What does it mean to be human? Anthropologists tackle this central question by looking at the biological and cultural diversity of our species in the past and present. Where and when did modern humans evolve? What lessons about sustainable growth can be learned from looking at the long-term relationship between humans and their environments? Can in-depth cultural knowledge be a tool in solving global conflicts? The anthropology major tackles these and countless other questions by studying the history, biology and behavior of human beings through the centuries and around the world.
Cultural anthropology, physical/biological anthropology and archaeology.
As an anthropology major at Marquette, you can focus your studies by choosing elective courses that concentrate on one of these areas.
It's all cultural.
Cultural anthropologists carry out in-depth and long-term studies to piece together a holistic understanding of the social, historical, economic and technological forces that shape culture. Our professors study topics that range from forensic nursing clinics in Baltimore to dispute resolution and mediation in Africa. As an anthropology major, you'll find lots of options for service learning and community work.
Focus on the physical.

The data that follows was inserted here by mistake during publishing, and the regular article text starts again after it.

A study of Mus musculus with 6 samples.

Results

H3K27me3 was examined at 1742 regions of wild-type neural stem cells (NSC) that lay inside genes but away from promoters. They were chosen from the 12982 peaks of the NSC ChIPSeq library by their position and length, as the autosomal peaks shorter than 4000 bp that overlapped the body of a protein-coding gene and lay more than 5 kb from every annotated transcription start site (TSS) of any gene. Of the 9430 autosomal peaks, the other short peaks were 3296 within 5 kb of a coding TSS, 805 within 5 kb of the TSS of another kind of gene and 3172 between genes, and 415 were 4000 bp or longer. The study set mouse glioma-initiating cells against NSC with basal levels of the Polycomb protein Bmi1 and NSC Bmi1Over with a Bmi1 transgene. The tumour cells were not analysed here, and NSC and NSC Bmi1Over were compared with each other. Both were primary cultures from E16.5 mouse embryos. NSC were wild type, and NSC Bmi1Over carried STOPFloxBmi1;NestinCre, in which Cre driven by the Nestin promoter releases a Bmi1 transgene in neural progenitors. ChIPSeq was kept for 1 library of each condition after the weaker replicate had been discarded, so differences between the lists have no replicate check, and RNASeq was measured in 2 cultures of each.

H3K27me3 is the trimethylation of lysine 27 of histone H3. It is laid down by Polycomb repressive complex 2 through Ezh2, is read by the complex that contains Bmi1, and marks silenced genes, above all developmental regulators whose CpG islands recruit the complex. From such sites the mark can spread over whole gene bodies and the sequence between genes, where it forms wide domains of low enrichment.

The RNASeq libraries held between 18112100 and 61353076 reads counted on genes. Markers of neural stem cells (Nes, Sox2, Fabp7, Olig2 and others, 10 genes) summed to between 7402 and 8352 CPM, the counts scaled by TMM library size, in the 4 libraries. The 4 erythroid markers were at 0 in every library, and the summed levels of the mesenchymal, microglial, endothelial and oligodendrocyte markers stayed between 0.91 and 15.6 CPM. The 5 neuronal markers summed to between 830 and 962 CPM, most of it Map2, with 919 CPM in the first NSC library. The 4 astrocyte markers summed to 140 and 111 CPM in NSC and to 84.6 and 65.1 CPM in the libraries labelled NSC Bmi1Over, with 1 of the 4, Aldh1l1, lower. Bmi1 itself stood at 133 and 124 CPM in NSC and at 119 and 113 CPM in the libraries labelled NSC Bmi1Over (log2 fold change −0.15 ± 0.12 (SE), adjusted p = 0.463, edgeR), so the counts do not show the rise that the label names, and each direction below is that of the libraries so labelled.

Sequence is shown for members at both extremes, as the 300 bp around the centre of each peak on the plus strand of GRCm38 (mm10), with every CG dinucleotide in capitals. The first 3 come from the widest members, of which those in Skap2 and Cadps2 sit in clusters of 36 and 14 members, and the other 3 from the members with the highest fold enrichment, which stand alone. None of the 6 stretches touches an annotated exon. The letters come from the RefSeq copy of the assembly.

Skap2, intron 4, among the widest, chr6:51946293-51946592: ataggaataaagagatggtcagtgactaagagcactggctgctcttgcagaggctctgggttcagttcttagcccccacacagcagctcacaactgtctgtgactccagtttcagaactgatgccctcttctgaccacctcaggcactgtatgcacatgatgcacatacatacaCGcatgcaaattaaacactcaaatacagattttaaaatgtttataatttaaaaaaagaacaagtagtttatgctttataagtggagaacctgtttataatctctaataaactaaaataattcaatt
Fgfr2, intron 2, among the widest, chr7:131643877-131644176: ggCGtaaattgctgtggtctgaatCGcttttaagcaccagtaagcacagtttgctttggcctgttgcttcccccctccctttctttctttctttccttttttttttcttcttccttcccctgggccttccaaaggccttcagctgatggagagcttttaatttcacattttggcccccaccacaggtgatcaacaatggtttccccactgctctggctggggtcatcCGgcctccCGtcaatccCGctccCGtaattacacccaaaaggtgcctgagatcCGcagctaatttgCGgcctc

What can we learn from 2 million-year-old fossils? How do we understand the biological evolution of our species? Your classes in physical anthropology will examine human evolution and the effects of disease and malnutrition on humans and introduce the field of forensic science. Laboratory classes and community internships are also available.
You’ll learn the scientific side of archaeology through lab exercises and hands-on learning. You will also see the economic and cultural impacts of archaeology in terms of cultural heritage and identity, resource management and tourism, and public education. Join your professors on archaeological digs in Jordan, Wisconsin and beyond!
Focus on archaeology.
The anthropology major can teach you the scientific theories and methods that will help you locate, analyze and classify everything from the fossils, tools, buildings and writings left by our earliest ancestors to the things we leave behind today.
Major courses are bolded.
- Introductory Anthropology
- UCCS - Rhetoric and Composition I & II
- UCCS - Histories of Cultures and Societies*
- UCCS - Science and Nature Elective*
- UCCS - Introduction to Theology
- Foreign Language I & II
- Cultural Anthropology
- Archaeology and Prehistoric Cultures
- UCCS - Mathematical Reasoning*
- UCCS - Literature/Performing Arts*
- UCCS - Philosophy of Human Nature
- Foreign Language III
- Human Evolutionary Process
- Two Anthropology Electives
- UCCS - Theory of Ethics
- UCCS - Theology*
- Theory and Practice
- Three Anthropology Electives
*Choose from list of approved UCCS (University Core of Common Studies) courses offered by the College of Arts and Sciences.